Ever since Sergio Corbucci took his cue from Sergio Leone and became the second most successful director of “spaghetti” Westerns with 1966's “Django,” the title character has followed a long and twisting trail through more than 30 unofficial sequels (and one official one, “Django 2,” in 1987) with almost as many different actors playing the gunslinging drifter originally portrayed by Franco Nero (Sir Lancelot of Joshua Logan's “Camelot,” husband of Vanessa Redgrave).
The original film, considered one of the most violent Westerns up to that time, was also critically applauded in some quarters, but many subsequent efforts bearing the Django brand were low-budget knock-offs helmed by Leone/Corbucci wannabes. Timeless Media Group has released four of these films as double features on two separate DVDs.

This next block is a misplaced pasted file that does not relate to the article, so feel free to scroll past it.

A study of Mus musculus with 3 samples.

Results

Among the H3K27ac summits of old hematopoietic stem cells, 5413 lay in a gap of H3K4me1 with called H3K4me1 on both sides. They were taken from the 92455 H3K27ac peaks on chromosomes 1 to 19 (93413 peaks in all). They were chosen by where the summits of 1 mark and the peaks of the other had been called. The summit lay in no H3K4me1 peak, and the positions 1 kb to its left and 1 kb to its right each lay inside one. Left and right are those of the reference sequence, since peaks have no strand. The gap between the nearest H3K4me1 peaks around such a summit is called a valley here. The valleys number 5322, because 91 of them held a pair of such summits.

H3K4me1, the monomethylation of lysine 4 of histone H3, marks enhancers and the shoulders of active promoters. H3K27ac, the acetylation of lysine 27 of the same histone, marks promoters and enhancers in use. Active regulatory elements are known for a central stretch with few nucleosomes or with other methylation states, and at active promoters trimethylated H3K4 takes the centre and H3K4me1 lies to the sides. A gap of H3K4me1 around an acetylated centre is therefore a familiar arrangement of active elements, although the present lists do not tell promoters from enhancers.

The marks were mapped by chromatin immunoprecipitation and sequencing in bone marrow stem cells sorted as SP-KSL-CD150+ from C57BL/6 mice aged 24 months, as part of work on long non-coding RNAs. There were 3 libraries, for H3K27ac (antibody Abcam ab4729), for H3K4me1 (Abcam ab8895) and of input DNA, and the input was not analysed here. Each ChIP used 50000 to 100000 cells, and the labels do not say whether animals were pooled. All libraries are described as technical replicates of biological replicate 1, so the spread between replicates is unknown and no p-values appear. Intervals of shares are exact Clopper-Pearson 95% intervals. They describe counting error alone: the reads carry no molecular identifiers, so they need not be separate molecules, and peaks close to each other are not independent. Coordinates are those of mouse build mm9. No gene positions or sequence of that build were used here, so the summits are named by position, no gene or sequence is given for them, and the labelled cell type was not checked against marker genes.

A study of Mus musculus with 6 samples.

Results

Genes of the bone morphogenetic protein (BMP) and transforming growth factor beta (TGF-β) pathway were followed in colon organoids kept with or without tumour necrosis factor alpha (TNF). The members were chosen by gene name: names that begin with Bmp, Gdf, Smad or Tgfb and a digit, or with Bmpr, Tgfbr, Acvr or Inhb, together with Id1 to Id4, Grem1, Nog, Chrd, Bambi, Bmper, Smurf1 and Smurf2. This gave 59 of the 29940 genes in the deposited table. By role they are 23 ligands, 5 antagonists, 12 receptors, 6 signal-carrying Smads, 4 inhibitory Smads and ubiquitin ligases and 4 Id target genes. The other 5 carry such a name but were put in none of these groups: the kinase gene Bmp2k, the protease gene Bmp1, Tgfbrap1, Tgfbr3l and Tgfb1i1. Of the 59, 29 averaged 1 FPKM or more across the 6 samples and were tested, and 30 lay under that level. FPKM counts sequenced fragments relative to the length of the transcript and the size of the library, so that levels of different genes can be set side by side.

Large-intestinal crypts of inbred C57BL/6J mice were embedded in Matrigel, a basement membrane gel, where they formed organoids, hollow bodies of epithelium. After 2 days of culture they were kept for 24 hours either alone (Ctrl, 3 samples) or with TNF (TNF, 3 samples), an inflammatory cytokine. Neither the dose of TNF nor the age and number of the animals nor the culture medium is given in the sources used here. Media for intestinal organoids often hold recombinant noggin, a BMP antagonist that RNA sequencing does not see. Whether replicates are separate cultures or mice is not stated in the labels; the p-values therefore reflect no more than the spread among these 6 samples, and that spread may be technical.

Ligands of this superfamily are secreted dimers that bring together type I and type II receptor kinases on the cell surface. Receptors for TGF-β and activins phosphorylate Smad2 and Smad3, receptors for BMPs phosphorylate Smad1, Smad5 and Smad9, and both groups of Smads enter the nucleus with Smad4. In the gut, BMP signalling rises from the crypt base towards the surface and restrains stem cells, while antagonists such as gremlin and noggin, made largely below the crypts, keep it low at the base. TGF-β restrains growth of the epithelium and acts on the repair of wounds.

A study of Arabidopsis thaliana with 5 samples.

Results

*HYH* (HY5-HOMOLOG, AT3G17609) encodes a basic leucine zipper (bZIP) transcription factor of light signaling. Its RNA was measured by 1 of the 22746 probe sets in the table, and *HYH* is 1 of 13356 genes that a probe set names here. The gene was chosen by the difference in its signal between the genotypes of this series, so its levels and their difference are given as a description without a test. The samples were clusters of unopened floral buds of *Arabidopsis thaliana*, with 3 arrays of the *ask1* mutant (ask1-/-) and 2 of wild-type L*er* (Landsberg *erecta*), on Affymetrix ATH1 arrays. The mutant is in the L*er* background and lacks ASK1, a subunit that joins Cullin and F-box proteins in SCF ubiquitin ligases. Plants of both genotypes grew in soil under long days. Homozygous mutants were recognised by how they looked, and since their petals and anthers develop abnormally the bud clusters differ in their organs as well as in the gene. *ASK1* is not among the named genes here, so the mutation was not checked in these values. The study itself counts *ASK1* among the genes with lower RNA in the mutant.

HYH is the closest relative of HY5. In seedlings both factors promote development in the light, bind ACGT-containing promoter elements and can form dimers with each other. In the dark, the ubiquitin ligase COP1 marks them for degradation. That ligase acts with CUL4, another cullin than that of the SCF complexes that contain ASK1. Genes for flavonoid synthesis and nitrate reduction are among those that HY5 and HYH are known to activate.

One disc contains “A Man Called Django!” (1971, Italian title: “W Django!”), starring Anthony Steffen — real name Antonio Luis — in the title role, directed by Edward G. Muller, aka Edoardo Mulargier. It's violent, but not graphically so, and intentionally funny one minute, unintentionally hilarious the next. It's also loaded with references to the “Dollar” trilogy, but deadpan Steffen is no Clint Eastwood. As in the original “Django,” the anti-hero is tracking down the murderers of his wife.
The second feature is “Django and Sartana's Showdown in the West” (1970, original title “Arrivano Django E Sartana ... E La Fine,” aka “Django and Sartana Are Coming ... It's the End”), directed by — I kid you not — Dick Spitfire, aka Demofilo Fidani, aka Miles Deem, and starring Chet Davis, aka Franco Borelli, as Django. In this one, Django and the Lone Ranger-like Sartana are attempting to retrieve a kidnapped ranch woman from Mexican bandits. This one's pretty hilarious, and not on purpose. It has a villain who plays cards with himself in front of a mirror, a scene of course intending to telegraph that he's scary crazy.